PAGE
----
A U-Visa is a non-immigrant visa that can be converted to a green card. It is for victims of certain qualifying crimes (usually violent crimes) who report it to law enforcement, cooperate if asked to, and are harmed in some way. Some examples of the violent crimes that qualify for this are felony assaults, kidnapping, sex crimes, and crimes of domestic violence. To process a U-Visa, it takes a long amount of time, as it requires that a certification be signed by the law enforcement agency and the government has a several-year backlog. The process for making the request for a certification varies from the police department to the district attorney to family court judges.
The public policy behind U-Visas is to encourage non-citizens and those most often lacking confidence in the police, to report crimes. A successful U-Visa applicant who is a minor can include their parents and siblings. An adult can include their spouse and children under 21. There is a waiver with U-Visas for almost every ground of inadmissibility (criminal, fraud, deportation order, unlawful entry into the U.S.). The only individuals who are not eligible for the U-Visa are Nazis, terrorists, and others who may pose a threat to national security.
Within the last year or so, the initial processing times for U-Visa petitions have continued to increase. Initial processing times have now increased to almost three years or longer. According to the United States Citizenship and Immigration Services (USCIS) Processing Times Report, USCIS is reportedly currently working on U-Visa petitions (Form I-918) that were filed in August 2014 or earlier. However, these processing times vary, depending on the individual circumstances.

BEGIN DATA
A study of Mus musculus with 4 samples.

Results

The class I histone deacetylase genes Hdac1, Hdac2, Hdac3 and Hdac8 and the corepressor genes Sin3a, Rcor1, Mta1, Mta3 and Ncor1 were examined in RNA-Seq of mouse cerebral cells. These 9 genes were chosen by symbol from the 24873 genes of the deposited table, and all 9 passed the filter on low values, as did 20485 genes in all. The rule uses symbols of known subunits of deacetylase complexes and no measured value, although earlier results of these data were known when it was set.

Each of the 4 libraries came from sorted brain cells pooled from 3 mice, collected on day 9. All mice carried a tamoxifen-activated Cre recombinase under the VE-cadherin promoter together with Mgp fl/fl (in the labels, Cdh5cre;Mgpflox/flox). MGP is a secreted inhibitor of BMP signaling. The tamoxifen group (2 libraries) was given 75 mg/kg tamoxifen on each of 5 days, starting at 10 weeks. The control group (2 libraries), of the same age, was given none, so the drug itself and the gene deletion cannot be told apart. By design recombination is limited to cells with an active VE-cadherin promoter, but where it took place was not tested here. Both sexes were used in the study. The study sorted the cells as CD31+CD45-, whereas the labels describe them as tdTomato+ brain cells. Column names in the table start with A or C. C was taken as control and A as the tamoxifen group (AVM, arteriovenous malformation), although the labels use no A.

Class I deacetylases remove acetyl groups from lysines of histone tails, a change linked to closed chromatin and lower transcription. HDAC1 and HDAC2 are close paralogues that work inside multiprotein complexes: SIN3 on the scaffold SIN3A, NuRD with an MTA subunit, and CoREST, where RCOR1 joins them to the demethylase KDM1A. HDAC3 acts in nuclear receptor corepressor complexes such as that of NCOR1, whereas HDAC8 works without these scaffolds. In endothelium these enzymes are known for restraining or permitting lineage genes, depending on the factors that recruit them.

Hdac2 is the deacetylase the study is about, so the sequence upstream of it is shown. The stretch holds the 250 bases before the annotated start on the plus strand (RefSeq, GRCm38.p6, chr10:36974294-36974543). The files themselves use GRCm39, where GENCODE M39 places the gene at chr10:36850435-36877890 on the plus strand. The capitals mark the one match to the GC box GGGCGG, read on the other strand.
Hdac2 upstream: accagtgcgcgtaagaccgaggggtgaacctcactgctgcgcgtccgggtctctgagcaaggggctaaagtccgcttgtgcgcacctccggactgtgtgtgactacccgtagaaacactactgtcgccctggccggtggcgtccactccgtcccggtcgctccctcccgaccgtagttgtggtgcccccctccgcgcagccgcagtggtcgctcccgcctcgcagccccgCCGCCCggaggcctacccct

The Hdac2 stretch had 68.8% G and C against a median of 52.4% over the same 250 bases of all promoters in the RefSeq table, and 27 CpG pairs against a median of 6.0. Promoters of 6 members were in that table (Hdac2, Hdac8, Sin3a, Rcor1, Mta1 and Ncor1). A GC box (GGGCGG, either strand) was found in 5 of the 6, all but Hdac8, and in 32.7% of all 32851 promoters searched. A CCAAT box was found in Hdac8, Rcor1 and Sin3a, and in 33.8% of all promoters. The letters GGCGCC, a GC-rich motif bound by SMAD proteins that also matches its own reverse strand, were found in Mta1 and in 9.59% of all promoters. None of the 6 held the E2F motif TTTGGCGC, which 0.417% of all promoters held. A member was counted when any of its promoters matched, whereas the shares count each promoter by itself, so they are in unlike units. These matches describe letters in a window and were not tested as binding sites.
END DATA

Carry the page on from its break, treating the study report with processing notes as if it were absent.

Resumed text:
To help address the problem, USCIS has assigned more officers to work on the U-Visa petition workload. Immigration attorneys are hopeful that these changes will help decrease processing times. However, most U-Visa applicants feel neglected, as their cases have lingered for so long.
Despite wanting to speed up the process, USCIS is still requiring detailed and time-consuming requests for evidence on almost every U-Visa case. This includes evidence of the crime actually occurring, which can add to the total time to process the petition. Often, these requests for evidence require additional information from the certifying law enforcement agency. In other cases, they include challenges as to whether the officer who certified was authorized to do so. The assumed reason for the requests for evidence serves as an attempt to limit the amount of successful U-Visa recipients. To add to the stress of applying for a U-Visa petition, if you do not respond to a request for evidence promptly or your response is inadequate, your case will be denied.
If you or a loved one is a non-citizen who was a victim of a previous violent crime and are seeking to obtain a U-Visa, it is imperative that you consult an experienced New York immigration lawyer who can advise you of your legal rights and help you find available pathways to citizenship. The New York immigration lawyers at Bretz & Coven, LLP have years of experience representing clients in complex immigration cases. With two immigration law offices located in New York City and Clark, New Jersey, the firm’s attorneys are available to assist individuals throughout the tri-state area with their immigration matters. For more information or to schedule a consultation with our New York City immigration lawyers, call (212) 267-2555 or fill out our contact form.